By MAY ZHOUin Houston | chinadaily.com.cn | Updated: 2022-01-26 10:32


A study by the United States Heartland China Association (USHCA) has shown "genuine connection, deep friendship and tangible benefits throughout the heartland region" from its relationship with China, according to Min Fan, the association's executive director.

The data from Why China Matters to the Heartland included foreign direct investment (FDI) from China, along with trade volume and educational and cultural exchange activities between more than 20 American heartland states and China.

Numerous state and business leaders presented their perspectives Tuesday during an online discussion of the study.

For example, Arkansas enjoys robust trade with China, with more than $1 billion in exports sent there in 2020, the most recent data available, said Denise Thomas, CEO of the World Trade Center of Arkansas. The China market helped to create more than 5,000 jobs for Arkansas.

Four recent FDI projects from China are expected to total more than $1.4 billion, and Chinese students account for more than 10 percent of all international students in the state.

Amy Lei, senior manager of Asia business development at JobsOhio, said more than 50 Chinese companies employ over 7,000 workers in her state. Fuyao Glass America is Ohio's largest Chinese company, employing more than 2,000 workers.

Ohio's export business to China supports more than 13,000 jobs, and $3.4 billion in goods were exported to China in 2020, Lei said. In higher education, 14,000 Chinese students are studying in the state, accounting for 41 percent of its international student body.

Fanfu Li, international business development director at the Wisconsin Economic Development Corp, discussed the state's ties with China: It imported $5.5 billion of goods from China in 2020, and its export of goods to China reached $1.6 billion in 2020, supporting 12,200 jobs as a result. Nearly 43 percent of Wisconsin's international students are from China.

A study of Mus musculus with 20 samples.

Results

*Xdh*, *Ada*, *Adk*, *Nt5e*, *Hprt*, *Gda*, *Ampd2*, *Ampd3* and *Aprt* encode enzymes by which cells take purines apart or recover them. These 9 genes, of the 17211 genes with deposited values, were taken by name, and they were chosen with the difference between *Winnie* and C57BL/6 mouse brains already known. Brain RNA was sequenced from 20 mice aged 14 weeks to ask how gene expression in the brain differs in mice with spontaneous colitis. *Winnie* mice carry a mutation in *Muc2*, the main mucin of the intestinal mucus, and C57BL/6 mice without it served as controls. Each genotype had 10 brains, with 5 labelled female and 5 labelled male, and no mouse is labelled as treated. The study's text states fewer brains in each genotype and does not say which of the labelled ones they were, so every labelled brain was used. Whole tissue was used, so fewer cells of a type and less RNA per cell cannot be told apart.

China is the main importer of North Dakota's agricultural products. The state's exports to China grew 90 percent from 2011 to 2020, four times the growth of its exports to other parts of the world.

Craig Allen, president of the US-China Business Council, said China remains the third-largest overseas market for the US after Canada and Mexico.

In 2020, the US exported $123 billion of goods to China. While the number for 2021 is not complete, Allen estimated that it will reach $135 billion.

Exports to China from the heartland region have experienced great growth due to the resumption of agricultural exports to China, after those shipments had nosedived due to the trade conflict, Allen noted.

Exports from Kansas to China more than doubled to $1.9 billion in 2020 and are expected to grow another 30 percent in 2021.

For the first 11 months of 2021, US agricultural exports to China grew by 35 percent, Allen said. He expects many of the heartland states to experience similar growth for 2022.

Bob Holden, chairman of the USHCA, opened Missouri's first China office in Beijing when he was the governor and actively promoted relations with China as a professor. He recalled that the heartland region saw China as the greatest opportunity and was the first in line to benefit from that global connection.

"Fast forward to today, I am sad to see China has become a liability in many circles," Holden said. Organizations like his are even attacked as pro-China or accused of working for the Chinese government. Those kinds of accusations are unfounded, he said.

"To be clear, USHCA believes in the importance of engaging with China," he said, echoing other leaders' wishes for a more amicable relationship between the largest two economies in the world.

"It's my belief that the United States and China's partnership and collaboration (are) absolutely critical if our planet wants to successfully address the most significant global challenges of our times," Holden said.